Literature helps children understand and realize their traditions awakening their interest in other cultures. For example, The Velveteen Rabbit begins with the description of Christmas morning, Williams mentions such important attributes of the traditional Christmas as stockings, tissue paper, and a great number of Christmas presents “There were other things in the stocking, nuts, and oranges and a toy engine, and chocolate almonds and a clockwork mouse […]” (1). Putting Christmas presents into a stocking is not typical for many other cultures. In this way, The Velveteen Rabbit can provoke an interesting discussion about the ways Christmas is celebrated in other countries. This will undoubtedly broaden the children’s outlook and help them learn more about world cultures.
The Velveteen Rabbit is a great example of a story that can make a child feel present in a fantasy world. Quite helpful here is personification because all the toys are presented in the story as being alive and having their personal qualities “[…] Some of the more expensive toys quite snubbed him. The mechanical toys were very superior, and looked down upon everyone else” (Williams 2). Personification helps the author to easily entice young readers into a fantasy world making children wonder how exactly their toys communicate with each other. This eliminates certain bounds between fantasy and reality, and reading becomes a magical intermediary between these two worlds.
The story under consideration abounds with moments that can evoke empathy among young readers. The first moment is when the Rabbit felt alone and was abandoned because the Boy had more expensive and interesting toys to play with. Another moment is when the real rabbits teased the Rabbit because he had no hind legs and could not jump. Finally, after the Boy had recovered from scarlet fever, the doctor recommended burning all his old toys and, especially, the Rabbit “And a tear, a real tear, trickled down his little shabby velvet nose and fell to the ground” (Williams 16). This may help children realize how their actions can hurt somebody else’s feelings, as well as can make them more sympathetic and kind.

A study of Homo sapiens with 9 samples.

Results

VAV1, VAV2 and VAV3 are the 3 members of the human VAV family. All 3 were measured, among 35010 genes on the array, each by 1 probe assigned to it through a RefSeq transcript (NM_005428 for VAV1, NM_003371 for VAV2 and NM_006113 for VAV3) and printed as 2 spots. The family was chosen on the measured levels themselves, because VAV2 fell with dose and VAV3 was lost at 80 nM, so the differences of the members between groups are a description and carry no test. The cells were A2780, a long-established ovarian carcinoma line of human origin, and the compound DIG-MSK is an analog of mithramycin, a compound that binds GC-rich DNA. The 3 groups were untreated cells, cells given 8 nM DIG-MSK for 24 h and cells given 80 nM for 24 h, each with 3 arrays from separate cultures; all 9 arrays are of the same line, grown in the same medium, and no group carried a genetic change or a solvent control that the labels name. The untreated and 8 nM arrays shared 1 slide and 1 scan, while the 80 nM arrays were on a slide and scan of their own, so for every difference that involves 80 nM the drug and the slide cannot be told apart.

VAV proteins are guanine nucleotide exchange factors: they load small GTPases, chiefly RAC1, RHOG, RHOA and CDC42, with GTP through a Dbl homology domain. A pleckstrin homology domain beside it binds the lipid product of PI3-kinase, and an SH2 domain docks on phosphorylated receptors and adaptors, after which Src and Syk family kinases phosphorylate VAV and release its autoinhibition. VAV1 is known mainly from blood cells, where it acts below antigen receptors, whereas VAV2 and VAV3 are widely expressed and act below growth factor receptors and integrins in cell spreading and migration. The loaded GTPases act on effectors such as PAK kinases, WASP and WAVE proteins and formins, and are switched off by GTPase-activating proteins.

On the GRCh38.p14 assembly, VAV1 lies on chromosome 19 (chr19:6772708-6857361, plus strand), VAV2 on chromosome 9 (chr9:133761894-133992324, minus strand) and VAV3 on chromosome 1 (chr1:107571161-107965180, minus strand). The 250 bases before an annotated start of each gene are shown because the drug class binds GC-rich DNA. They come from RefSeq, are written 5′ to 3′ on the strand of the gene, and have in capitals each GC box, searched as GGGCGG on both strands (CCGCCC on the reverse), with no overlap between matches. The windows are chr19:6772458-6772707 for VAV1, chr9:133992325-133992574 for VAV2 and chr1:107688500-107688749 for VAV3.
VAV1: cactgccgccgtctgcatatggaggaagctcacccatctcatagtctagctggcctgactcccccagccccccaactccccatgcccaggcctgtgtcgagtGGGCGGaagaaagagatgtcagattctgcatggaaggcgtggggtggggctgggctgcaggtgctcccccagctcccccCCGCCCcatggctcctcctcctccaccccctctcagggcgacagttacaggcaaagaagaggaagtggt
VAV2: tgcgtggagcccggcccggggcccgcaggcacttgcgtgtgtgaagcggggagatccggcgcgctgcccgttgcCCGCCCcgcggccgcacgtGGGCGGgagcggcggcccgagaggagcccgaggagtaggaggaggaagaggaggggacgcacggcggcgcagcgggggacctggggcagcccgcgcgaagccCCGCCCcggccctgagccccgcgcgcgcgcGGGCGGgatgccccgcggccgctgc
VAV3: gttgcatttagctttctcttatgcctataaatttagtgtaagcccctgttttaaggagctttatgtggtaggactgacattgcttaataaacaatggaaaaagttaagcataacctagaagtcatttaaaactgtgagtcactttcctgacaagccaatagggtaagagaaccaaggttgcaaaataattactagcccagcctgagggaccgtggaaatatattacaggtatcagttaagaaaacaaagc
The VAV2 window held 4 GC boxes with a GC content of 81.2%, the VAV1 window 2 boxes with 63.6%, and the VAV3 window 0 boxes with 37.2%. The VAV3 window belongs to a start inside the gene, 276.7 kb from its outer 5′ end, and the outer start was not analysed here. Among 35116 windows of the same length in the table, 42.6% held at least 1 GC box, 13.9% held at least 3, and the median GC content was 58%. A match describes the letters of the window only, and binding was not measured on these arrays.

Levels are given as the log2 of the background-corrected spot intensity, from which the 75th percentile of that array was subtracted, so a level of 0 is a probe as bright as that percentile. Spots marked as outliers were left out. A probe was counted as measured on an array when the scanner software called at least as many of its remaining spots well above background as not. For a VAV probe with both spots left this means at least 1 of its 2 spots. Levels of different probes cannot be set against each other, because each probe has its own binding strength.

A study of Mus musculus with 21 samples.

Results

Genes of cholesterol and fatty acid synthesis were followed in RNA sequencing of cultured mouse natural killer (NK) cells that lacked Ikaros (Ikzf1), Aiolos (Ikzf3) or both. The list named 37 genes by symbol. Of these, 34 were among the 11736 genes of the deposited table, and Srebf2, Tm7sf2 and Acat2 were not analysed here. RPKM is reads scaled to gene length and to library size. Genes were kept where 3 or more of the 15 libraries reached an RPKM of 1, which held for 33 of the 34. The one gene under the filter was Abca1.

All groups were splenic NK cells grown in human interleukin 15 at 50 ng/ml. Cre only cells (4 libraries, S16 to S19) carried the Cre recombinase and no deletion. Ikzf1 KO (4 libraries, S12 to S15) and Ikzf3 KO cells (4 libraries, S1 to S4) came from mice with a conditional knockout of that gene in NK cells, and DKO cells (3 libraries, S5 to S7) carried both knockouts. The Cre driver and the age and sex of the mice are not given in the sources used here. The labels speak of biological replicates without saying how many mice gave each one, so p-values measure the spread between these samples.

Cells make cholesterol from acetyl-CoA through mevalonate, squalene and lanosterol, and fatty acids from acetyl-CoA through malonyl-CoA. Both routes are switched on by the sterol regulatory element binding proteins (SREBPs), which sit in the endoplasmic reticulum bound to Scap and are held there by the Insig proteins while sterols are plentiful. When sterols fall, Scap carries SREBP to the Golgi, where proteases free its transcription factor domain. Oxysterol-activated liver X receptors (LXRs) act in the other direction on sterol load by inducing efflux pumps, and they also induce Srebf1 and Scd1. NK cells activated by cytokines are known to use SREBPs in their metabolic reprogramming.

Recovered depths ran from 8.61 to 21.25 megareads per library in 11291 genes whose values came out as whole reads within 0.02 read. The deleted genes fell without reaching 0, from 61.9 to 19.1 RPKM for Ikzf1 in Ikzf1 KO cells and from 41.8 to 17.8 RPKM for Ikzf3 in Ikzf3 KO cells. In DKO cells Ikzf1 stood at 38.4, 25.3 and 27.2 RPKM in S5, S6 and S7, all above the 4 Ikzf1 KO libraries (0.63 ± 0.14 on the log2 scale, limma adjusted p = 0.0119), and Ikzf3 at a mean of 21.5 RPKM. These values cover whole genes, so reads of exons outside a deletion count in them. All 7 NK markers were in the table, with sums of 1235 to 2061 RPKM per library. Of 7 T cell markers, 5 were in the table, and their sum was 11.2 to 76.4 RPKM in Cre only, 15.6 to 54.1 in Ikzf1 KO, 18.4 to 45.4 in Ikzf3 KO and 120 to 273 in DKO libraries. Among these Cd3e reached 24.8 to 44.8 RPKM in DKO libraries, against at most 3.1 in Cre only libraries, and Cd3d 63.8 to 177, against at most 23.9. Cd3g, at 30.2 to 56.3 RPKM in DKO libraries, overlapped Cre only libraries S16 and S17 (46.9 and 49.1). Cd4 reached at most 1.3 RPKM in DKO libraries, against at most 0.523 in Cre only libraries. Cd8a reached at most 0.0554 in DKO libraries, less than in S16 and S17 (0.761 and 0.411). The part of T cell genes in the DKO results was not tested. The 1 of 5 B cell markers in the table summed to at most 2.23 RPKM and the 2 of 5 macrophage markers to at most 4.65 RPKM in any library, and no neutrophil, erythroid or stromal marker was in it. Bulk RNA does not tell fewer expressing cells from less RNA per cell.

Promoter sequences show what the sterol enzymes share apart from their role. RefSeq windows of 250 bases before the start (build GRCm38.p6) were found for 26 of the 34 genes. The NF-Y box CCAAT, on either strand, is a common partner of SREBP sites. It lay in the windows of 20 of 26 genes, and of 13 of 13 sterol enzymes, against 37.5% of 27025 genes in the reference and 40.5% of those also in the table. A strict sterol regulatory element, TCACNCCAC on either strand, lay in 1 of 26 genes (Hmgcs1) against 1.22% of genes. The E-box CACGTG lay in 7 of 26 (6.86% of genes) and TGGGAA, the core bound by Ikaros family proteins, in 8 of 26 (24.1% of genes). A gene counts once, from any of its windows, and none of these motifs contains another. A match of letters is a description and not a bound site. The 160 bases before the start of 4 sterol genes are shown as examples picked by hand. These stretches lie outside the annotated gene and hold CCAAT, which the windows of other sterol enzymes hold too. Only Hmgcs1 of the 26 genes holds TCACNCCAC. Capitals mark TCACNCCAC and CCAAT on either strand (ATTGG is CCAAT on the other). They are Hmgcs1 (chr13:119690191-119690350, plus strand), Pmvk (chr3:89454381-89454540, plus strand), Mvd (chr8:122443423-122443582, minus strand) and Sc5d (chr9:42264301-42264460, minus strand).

Reading is one of the best activities for stimulating children’s cognitive development. The matter is that children’s stories present new information in an interesting way that does not make children feel like they are being taught. They perceive it as fun and easily absorb new facts about the world that surrounds them. For instance, children can learn from The Velveteen Rabbit that there are four seasons of the year. Williams describes some of them using associations (e.g. winter and Christmas, summer and the seaside). This significantly facilitates remembering all the seasons of the year. Moreover, the readers learn that real rabbits live in burrows and their hind legs help them jump high (Williams 6). While adult readers might not even turn attention to this information, it is simply invaluable for young children.
Quite often, reading is the only way to make some children remain still and silent for a while. A captivating story can help to promote concentration and calm the child down. There is hardly a child that will wish to close The Velveteen Rabbit at the moment when the Bunny first met the real rabbits or when it was to be burnt by the gardener. As the child grows up and stories get longer, the attention span eventually expands, which allows keeping the child to concentrate for quite a long period. Thus, reading should be the number one activity for fidgety or hyperactive children.